Southern Food in Ann Arbor

. October 30, 2013.

Biscuits smothered in gravy, grits covered in melted cheese, deep fried everything: Southern cooking is iconic American cuisine. It is about comfort, tradition, and sneaking bacon fat into otherwise nutritious dishes. It’s hard to think about Southern food and not to at least consider knocking a giant hole in your kitchen counter and installing your own deep fryer. But luckily for the sake of your taste buds (and security deposit), it’s not hard to find authentic Southern food in Ann Arbor, if you know where to look.

Zingerman’s Roadhouse's

Pimento Cheese

Pimento cheese is one of those Southern foods that, unlike barbecue or fried chicken, people may not have tried. Zingerman’s co founder Ari Weinzweig writes on the Roadhouse website, “I assumed that pimento cheese was like the pimento loaf stuff that they sell in the deli cases of mass-market grocery stores. You know pasteurized, processed cheese that no one that’s into full flavored food would want to eat.” That was before he tried it and started making his own. Now Zingerman’s Roadhouse’s pimento cheese is like the Steve Urkel of their menu; it just keeps showing up unexpectedly. But unlike the suspender-clad neighbor, Zingerman’s pimento cheese is always welcome. At Zingerman’s the creamy cheddar cheese and chopped pimento mixture can be found as an appetizer all by itself, in an omelet, spread on a burger, or even baked into macaroni and cheese.

Mon-Thursday 7am-10pm; Friday 7am-11pm; Saturday 9am-11pm; Sunday 9am-9pm.
2501 Jackson Ave. 734-663-3663.

Grange Kitchen and Bar’s

Fried Green Tomatoes

Fried green tomatoes are one of the most iconic foods of the South. Or are they? “We started frying the tomatoes in the Northern style, but later we switched to a Southern style,” says sous chef Chris Chiapelli of Grange Kitchen and Bar. At first Grange’s tomatoes were battered with panko and brioche crumbs, but now they are marinated in buttermilk, breaded with a seasoned cornmeal coating, and deep fried. The buttermilk and cornmeal technique is a popular way to fry other foods, like okra or chicken, in the South. But no matter the origin, the dish has earned its place in Southern cuisine and Grange’s crispy fried tomatoes certainly feel Southern. The dish’s accoutrements also help give it a classic Southern taste. The tomatoes are topped with a pickled corn relish and served with homemade buttermilk ranch sauce, and bacon jam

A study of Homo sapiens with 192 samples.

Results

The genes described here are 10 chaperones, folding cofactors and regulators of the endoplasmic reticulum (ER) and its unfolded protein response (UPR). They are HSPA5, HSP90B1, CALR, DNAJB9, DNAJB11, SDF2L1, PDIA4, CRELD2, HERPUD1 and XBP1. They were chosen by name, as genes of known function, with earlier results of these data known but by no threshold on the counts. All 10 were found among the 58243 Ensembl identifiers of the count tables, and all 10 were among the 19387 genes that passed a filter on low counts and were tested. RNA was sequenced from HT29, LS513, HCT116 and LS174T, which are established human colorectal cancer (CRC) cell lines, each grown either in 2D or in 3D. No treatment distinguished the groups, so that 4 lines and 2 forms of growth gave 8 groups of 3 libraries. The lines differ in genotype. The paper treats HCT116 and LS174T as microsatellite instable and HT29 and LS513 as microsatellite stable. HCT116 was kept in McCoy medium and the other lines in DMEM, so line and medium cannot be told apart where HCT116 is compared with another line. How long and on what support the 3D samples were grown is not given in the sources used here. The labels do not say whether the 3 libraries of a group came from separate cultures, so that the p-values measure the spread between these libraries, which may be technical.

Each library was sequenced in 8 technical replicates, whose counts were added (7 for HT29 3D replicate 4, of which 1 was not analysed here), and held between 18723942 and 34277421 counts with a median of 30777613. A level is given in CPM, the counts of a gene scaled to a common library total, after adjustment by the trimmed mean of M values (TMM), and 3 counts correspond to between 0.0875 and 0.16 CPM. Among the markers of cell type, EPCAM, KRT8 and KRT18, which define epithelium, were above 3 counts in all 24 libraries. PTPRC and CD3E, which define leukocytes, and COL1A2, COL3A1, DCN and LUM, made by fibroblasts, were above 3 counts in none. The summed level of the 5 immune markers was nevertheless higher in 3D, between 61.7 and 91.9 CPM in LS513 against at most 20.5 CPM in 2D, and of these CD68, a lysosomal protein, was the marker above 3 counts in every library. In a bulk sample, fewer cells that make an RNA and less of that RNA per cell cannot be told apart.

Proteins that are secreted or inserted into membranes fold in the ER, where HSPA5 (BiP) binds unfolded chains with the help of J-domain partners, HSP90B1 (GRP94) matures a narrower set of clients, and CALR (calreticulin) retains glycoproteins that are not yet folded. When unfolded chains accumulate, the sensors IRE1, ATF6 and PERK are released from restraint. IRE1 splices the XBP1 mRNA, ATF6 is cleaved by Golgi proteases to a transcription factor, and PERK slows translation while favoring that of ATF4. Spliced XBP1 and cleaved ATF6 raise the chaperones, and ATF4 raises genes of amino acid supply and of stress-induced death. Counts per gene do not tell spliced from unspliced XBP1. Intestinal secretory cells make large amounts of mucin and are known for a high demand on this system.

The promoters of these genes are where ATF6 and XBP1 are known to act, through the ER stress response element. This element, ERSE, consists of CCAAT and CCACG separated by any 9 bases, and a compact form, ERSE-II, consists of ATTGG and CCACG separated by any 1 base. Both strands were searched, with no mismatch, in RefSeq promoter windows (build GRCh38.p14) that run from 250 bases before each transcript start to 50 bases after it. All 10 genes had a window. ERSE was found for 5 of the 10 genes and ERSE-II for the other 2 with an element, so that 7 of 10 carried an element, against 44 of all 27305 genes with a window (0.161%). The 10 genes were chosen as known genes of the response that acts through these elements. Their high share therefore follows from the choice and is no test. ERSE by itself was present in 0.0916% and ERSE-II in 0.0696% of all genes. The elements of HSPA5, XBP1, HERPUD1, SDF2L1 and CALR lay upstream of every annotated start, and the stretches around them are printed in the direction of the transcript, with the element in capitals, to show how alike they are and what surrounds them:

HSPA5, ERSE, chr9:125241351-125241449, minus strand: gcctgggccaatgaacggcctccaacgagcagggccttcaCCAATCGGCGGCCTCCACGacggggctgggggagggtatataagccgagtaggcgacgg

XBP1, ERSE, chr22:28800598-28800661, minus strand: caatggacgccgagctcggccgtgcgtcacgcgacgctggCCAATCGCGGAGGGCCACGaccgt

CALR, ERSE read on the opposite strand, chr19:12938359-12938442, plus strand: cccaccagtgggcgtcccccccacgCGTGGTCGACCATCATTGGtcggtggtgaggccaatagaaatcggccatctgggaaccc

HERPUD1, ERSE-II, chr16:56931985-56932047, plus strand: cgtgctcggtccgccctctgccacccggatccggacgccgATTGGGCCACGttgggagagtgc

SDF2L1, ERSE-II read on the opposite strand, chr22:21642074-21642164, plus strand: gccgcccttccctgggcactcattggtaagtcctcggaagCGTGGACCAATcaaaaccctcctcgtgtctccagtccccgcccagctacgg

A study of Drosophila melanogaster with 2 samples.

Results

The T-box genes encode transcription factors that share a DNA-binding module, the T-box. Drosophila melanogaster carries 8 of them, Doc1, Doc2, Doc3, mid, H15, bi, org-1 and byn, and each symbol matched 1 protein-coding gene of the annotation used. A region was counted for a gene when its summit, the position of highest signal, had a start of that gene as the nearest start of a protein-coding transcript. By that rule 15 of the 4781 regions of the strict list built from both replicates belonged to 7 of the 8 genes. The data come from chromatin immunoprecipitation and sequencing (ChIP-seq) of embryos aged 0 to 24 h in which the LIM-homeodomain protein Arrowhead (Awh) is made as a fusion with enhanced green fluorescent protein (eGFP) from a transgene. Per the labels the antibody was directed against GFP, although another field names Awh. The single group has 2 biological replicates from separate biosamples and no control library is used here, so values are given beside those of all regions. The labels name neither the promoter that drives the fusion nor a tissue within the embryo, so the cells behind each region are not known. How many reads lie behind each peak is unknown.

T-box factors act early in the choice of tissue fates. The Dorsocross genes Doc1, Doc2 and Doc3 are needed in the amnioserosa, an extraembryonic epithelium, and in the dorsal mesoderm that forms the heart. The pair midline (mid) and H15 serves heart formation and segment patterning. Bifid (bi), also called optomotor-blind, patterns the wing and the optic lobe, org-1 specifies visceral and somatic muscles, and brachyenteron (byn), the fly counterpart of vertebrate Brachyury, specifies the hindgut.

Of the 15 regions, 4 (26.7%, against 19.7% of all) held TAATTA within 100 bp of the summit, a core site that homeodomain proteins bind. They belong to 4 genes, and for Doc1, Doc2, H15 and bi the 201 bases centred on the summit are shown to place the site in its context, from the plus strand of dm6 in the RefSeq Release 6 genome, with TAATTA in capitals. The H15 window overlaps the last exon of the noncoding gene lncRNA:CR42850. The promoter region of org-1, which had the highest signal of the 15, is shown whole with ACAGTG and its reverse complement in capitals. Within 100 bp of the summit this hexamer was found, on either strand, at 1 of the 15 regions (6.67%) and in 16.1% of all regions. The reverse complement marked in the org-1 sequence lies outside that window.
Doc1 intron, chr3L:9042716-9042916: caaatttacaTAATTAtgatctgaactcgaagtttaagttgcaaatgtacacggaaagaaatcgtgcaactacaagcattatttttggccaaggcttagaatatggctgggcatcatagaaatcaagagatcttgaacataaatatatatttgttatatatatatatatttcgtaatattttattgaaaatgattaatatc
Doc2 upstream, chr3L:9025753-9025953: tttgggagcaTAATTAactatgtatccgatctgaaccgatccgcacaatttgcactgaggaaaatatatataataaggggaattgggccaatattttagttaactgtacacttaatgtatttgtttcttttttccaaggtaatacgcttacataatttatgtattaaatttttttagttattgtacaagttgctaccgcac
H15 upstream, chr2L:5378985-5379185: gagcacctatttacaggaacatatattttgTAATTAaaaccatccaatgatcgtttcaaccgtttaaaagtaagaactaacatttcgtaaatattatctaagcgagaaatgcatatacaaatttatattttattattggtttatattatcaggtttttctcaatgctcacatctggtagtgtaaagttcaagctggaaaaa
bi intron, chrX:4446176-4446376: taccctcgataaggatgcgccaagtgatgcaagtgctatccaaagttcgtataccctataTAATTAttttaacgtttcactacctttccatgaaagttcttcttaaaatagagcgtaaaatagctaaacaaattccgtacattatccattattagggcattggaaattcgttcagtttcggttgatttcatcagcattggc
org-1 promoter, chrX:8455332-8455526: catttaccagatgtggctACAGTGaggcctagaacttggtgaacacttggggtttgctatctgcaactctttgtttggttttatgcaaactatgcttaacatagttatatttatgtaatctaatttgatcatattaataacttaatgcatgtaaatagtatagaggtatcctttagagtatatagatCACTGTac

for dipping.

Monday-Thursday 5-10pm; Friday-Saturday 5-11pm;
Sunday 10am-3pm. 118 W. Liberty St. 734-995-2107.

Blue Tractor BBQ and Brewery’s

Fried Pickles

“I like Southern cooking because of the time and finesse it takes,” says Chef Neal Diebold, Head Chef at Blue Tractor BBQ and Brewery. Although best known for their various styles of barbecue from several different regions—Eastern and Western Carolinian, Texan, and even Asian—one of Blue Tractor’s most popular dishes comes straight from the South: fried pickles. The pickles are crinkle cut and soaked overnight in buttermilk, covered with seasoned flour and cornstarch breading, deep fried, and served with white barbecue sauce. When asked if people ever think this salty, crunchy, thoroughly Southern snack is strange, Diebold laughs and replies, “Not at all.”

Monday-Saturday 11am-2am; Sunday 12pm-12am.
207 E. Washington St.



Northside Grill’s

Biscuits and Gravy

Although it is pretty much the lone Southern offering on the Northside Grill’s menu, dining room manager David Ruby says their biscuits and gravy is a favorite menu item at the restaurant. “Every year we review the menu and take off things that aren’t working. Biscuits and gravy has stayed on there for twenty years.” They are made from scratch Southern-style buttermilk biscuits and then doused with a peppery and thick white sausage gravy. Ruby isn’t quite sure how this Southern dish snuck onto the menu, but he’s not surprised at its popularity. “It’s a comfort food,” says Ruby. “Sometimes when it’s cold, you need something that will stick to you.”

7am-3pm. 1015 Broadway St. 734-995-0965


The Wafel Shop's

Chicken and Waffles

A European-style waffle shop is probably not the first place one might search for Southern food, but propped up on The Wafel Shoppe’s counter is a poster offering a special menu item: chicken and waffles. At first, The Wafel Shoppe was hesitant about putting chicken and waffles on the menu, but so many people asked for it that they had to figure something out. In the South, chicken and waffles is a sit-down dish with fluffy waffles and pieces of fried chicken, all covered in maple syrup. But the Wafel Shoppe serves European-style waffles that are meant to be hand-held, not eaten with a knife and fork. Their version is a portable take on the classic dish. They use Carolina-style barbecued chicken instead of fried, sans syrup, but the vinegar-based sauce contains sugar cane, which mimics the sweetness of the absent syrup.

Monday-Saturday 8am-10pm; Sunday 8am-7pm.
113 E. Liberty St. 734-369-4734.


Thanksgiving Eve

The night before Thanksgiving is a notoriously busy bar night. Friends are back in town to see their families, but everyone really just wants to utilize a permissively late weeknight jamboree to blow off some much needed steam, before they have to behave themselves at the dinner tables tomorrow in front of grandparents and in-laws.